The Public Company Accounting Oversight Board (PCAOB) is gearing up to find more uses for the information gathered from its inspections, as well as for its analysis of those inspections for its strategic plan for 2012–2016.
“My personal goal is to have concrete data and analysis to evidence our effectiveness,” said Jay Hanson, a member of the PCAOB board, at the auditing overseer’s board meeting today. A related priority is to enhance the auditing overseer’s “processes and systems to increase the analysis and usefulness of our inspection findings.”
Hanson’s plan for the PCAOB is to move toward a framework of not just finding audit deficiencies, but accumulating data about effective procedures and auditor behavior that can be used in communicating best practices.
Just how does the PCAOB expect to do that? For starters, it’s asking for a “modest increase” in staff positions. The PCAOB’s budget for 2013 that was presented to the Securities and Exchange Commission is $245.6 million, which allows for an additional 27 new positions. The added staff will allow the organization to support field inspection activities, in particular, and issue more timely summary public reports.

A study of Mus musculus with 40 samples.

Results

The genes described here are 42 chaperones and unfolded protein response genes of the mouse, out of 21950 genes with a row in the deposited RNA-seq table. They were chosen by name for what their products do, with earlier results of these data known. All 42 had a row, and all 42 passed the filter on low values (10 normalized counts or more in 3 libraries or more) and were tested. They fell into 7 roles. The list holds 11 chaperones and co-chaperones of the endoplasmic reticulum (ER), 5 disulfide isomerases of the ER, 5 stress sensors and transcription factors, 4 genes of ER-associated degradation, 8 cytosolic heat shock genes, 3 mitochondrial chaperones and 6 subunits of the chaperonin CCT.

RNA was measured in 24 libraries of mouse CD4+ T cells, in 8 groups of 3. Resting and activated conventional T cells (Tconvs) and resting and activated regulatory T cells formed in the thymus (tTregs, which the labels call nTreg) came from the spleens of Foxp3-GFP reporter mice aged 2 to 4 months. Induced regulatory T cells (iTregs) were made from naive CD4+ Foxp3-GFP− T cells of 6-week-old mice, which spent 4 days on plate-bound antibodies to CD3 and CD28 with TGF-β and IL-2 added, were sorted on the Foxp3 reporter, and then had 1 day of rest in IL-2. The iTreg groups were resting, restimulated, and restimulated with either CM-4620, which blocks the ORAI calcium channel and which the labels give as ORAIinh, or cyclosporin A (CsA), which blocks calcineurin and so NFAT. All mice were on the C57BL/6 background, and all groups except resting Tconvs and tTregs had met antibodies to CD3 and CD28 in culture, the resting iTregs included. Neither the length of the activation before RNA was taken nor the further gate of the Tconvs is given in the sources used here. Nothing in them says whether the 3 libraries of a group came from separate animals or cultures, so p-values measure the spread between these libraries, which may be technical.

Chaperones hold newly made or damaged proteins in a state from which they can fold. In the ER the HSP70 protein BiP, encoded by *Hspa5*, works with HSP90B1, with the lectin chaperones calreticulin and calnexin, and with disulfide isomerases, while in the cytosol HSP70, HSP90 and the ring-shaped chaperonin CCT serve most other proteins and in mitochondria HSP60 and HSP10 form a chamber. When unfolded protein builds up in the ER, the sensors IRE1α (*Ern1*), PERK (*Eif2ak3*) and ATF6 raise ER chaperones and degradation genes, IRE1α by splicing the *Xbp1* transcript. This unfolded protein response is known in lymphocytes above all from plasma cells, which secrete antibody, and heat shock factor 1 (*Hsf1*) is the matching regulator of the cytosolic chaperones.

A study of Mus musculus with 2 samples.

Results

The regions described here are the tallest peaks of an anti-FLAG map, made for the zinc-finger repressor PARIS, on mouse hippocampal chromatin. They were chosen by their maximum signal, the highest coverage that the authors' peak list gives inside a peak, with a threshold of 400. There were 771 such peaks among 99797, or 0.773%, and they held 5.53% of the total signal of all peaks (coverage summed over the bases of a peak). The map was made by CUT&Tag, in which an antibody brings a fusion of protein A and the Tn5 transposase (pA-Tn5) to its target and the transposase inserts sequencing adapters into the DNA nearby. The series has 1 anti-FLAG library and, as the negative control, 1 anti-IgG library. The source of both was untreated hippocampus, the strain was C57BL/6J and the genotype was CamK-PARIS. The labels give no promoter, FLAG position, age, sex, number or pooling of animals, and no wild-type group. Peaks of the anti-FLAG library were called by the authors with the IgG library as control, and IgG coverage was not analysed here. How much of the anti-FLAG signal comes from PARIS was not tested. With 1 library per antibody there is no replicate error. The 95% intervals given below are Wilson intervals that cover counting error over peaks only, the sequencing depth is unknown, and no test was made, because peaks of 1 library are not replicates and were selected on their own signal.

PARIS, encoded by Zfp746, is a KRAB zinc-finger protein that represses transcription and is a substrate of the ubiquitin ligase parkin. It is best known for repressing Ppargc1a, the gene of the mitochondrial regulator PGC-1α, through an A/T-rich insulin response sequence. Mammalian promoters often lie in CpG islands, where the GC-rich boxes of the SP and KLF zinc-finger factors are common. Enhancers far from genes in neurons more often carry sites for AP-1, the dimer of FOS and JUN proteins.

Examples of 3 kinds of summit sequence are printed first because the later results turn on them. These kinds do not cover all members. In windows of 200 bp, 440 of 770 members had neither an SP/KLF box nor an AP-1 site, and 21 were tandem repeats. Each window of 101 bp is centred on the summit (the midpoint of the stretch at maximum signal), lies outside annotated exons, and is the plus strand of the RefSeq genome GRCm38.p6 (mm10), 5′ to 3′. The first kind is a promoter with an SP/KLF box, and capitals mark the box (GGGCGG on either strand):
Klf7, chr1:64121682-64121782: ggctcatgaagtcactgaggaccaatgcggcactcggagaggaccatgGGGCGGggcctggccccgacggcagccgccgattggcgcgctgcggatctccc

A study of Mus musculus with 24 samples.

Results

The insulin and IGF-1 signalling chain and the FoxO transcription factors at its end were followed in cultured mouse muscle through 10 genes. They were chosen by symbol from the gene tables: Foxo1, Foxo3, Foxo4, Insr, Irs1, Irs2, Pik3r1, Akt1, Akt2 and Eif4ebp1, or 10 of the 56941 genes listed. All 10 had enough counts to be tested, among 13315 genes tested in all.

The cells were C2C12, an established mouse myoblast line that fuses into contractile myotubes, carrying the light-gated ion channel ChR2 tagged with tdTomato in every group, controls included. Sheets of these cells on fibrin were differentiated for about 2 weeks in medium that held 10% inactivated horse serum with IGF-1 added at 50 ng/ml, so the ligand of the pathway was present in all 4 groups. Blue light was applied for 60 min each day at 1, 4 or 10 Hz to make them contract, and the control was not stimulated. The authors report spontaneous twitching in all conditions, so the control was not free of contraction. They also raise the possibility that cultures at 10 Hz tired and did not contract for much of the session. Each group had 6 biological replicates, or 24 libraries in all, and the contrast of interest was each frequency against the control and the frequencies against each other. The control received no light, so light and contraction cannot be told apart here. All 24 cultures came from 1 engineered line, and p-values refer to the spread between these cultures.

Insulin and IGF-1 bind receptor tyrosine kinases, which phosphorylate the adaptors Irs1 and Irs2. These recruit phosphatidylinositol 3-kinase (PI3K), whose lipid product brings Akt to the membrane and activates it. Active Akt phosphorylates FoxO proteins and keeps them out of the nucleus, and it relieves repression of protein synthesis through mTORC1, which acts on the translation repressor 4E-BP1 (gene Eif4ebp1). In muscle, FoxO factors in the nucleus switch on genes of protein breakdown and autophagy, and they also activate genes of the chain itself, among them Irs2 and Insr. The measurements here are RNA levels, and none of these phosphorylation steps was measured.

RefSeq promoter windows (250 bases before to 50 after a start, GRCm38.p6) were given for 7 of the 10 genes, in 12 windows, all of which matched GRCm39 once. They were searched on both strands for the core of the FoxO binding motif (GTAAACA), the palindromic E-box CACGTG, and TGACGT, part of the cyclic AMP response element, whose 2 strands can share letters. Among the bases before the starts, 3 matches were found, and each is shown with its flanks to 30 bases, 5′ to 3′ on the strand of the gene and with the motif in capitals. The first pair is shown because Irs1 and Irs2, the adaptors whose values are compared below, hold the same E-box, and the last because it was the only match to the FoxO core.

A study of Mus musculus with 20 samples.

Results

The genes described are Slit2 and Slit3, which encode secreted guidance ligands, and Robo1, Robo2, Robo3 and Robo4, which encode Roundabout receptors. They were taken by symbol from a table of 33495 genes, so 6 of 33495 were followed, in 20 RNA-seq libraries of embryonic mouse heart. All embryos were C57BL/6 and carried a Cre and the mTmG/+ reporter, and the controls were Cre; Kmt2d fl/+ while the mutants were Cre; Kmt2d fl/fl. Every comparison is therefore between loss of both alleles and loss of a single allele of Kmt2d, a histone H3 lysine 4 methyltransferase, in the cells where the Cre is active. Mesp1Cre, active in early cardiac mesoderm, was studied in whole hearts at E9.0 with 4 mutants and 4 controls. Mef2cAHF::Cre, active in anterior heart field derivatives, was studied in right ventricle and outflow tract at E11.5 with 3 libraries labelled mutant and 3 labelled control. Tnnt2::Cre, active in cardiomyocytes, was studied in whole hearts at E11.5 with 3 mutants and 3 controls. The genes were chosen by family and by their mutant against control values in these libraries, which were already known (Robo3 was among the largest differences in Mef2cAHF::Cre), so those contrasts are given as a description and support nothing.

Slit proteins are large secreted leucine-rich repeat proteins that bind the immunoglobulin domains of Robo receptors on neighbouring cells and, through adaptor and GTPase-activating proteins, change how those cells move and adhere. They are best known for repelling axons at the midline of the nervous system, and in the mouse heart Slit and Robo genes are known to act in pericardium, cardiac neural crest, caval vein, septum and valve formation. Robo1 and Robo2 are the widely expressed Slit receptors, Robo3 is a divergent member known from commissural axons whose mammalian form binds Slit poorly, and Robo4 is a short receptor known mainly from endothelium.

Even with the added inspection personnel, if approved, the PCAOB will still be working to full capacity, cautioned PCAOB chairman James R. Doty during a strategy and budget call today. “Our statistics show that although we have more in the budget, we are doing more, in some respects, with less,” he said. “I think program directors would say this is a very thin red line of staff that does a lot.”
Some of the PCAOB’s planned inspection work for 2013 will focus on broker-dealer audits. It plans to inspect 60 firms that audit broker-dealers.
The PCAOB’s work in this area will be welcomed by investors and buy-side analysts, since the lack of transparency in the auditing of broker-dealers continues to be a hot topic. In August the PCAOB released its first report on its interim inspection program for auditors of broker-dealers. Of the 10 audit firms covered in the report, the PCAOB found deficiencies in all of the audits inspected.
The auditing overseer will also continue its inspection work globally by boosting its Global Network Firm Inspections Program, which now includes the Netherlands, Germany, and Spain. The PCAOB recently made some headway in its quest to have more access to audits performed in China: the Chinese government agreed to let the PCAOB observe inspections of Chinese audit firms that audit U.S. listed companies based in China.